Tanner Vaughn knew what he wanted to be when he grew up by the time he was 9 years old.
The 2021 W.F. West grad and star pitcher for the Bearcats baseball team knew he wanted to be a Major League Baseball player one day.
“They make a lot of money, so why not?” Vaughn said.
He started playing baseball when he was just 2 years old — basically since he could walk — while living in Elma, and soon fell in love with the sport.
He and his family moved to Chehalis when he was 10 because of the reputable school district and baseball legacy here.
Plus, there’s Thorbeckes Wellness Center, a training facility for local athletes which has an elite athletic performance program, and the batting cages at Stan Hedwall Park, which creates the perfect atmosphere for budding youth athletes to succeed.
Vaughn has been a part of the Thorbeckes Athletic Performance program for the last two years and has been instrumental in helping him gain velocity and maintain it for longer periods of time.
He’s spent the past three years as a varsity pitcher for the Bearcats, culminating in a stellar senior season in which he was the top pitcher in the county.
The hard-throwing righty posted a blistering 0.71 ERA with 54 strikeouts and just three earned runs on 11 hits and 12 walks in 29.3 innings. He surrendered zero home runs and helped the Bearcats win the district championship.
But even a year ago, Vaughn already had a slew of scholarship offers to play at the next level, which included four Division-I offers, and at one time had committed to the University of Oregon.
That changed when he was recommended by a friend to a small junior college in rural southeast Kansas near the Oklahoma border.
“They said that’s the place to go if I want to get drafted,” Vaughn said.
Cowley College in Arkansas City, Kansas is a perennial Junior College World Series contender, and the Tigers finished fifth in the country with a 47-10 record in 2021.
Vaughn began talking with the coaching staff in the summer of 2020 while playing travel ball in Florida with a pickup team since there was little to no baseball being played in Washington state at the time due to the pandemic.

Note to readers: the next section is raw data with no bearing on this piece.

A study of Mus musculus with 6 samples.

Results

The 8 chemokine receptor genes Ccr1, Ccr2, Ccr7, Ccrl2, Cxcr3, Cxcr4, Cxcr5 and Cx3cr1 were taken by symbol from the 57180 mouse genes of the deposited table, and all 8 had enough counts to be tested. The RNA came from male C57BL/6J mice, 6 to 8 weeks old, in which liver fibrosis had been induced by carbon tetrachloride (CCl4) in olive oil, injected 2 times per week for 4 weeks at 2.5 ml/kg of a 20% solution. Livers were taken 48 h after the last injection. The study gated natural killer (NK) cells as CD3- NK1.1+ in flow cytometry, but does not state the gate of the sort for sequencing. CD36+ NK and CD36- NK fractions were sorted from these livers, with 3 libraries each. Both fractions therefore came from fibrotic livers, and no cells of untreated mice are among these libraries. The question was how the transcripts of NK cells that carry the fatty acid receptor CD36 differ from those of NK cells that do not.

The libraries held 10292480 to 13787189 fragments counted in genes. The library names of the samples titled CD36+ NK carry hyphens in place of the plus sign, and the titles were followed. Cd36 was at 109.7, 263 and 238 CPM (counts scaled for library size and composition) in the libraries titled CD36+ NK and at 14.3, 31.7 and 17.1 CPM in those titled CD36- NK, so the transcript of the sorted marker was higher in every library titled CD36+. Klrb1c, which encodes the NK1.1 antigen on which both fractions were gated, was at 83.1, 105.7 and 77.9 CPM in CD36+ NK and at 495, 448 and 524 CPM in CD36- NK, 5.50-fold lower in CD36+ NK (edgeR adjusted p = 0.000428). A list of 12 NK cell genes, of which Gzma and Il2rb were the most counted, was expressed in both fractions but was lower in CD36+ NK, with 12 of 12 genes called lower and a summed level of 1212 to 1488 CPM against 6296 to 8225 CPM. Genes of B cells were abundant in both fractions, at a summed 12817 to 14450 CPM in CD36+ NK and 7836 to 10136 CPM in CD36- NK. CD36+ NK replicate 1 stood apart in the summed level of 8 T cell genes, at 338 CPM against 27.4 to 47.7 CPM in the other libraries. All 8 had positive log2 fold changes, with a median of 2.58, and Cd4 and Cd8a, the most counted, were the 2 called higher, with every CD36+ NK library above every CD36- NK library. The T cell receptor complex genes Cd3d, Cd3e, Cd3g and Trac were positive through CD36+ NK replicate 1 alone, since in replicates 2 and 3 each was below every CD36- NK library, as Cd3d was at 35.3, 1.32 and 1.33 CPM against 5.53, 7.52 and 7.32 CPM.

After finishing up the season in Florida, Vaughn and his family stopped in Kansas to meet with Cowley College’s coaches and throw for them.
Was he nervous?
“A little bit but not an insane amount, because I know what I’m capable of,” Vaughn said. “I just got to show up and be ready.”
His dad had a rule when he was younger, if you’re not sore, you’re throwing. It was an effort to build up arm strength. When you’re young and indestructible, you’re rarely sore, so Vaughn soon built up a cannon for a right arm.
He now unleashes fastballs in the low 90s, with an arsenal of four pitches he throws for strikes (fastball, curveball, slider and changeup), his best being offspeed stuff — either the changeup or curveball.
His repertoire instantly impressed the Tigers’ coaching staff. They offered him a scholarship on the spot — the maximum they are allowed to give to a recruit.
He accepted on the spot.
“I knew that was a school I wanted to go to because of how good their program is and how far they make it every year,” Vaughn said.
Vaughn, who had his pick of Division-I colleges to sign with, spurned those D-I programs because of one simple fact: he didn’t want to be locked into a school for three years and not be eligible for the MLB draft. University players aren’t eligible for the draft until after their junior year. Junior college players can be drafted after their first and second years.
Most of his teammates at Cowley will also be players who were Division-I recruits but are betting on themselves for a chance to get drafted.
That’s exactly what Vaughn is hoping for as the upcoming MLB draft is set to run July 11 to 13.
Vaughn has no idea what interest MLB teams have in him at the moment but he’s hoping for a late-round selection, and if the signing bonus is good enough, he may just take the opportunity and leave college behind.
Being a minor league baseball player is not a lucrative job; heck, it doesn’t even pay a liveable wage. That’s even with salaries being raised for the 2021 season from a weekly minimum of $290 to $400 for rookie and short-season players, which is where Vaughn would likely start out if drafted this year.
For now, Vaughn is waiting patiently to see if his name is called next month and if so, will he take the offer given to him or bet on himself once more, play a year at Cowley and see how next year’s draft shakes out?
“We’ll see how that goes, and if I get drafted or not,” Vaughn said. “If I don’t, then I’m going to college. It just depends on the situation, how much it is and if it’s worth it or not. What’s the point of that if you can go to college for a year or two and get more later, and an education?”
To watch the 2021 MLB Draft, tune in to the MLB Network on July 11, 12 and 13.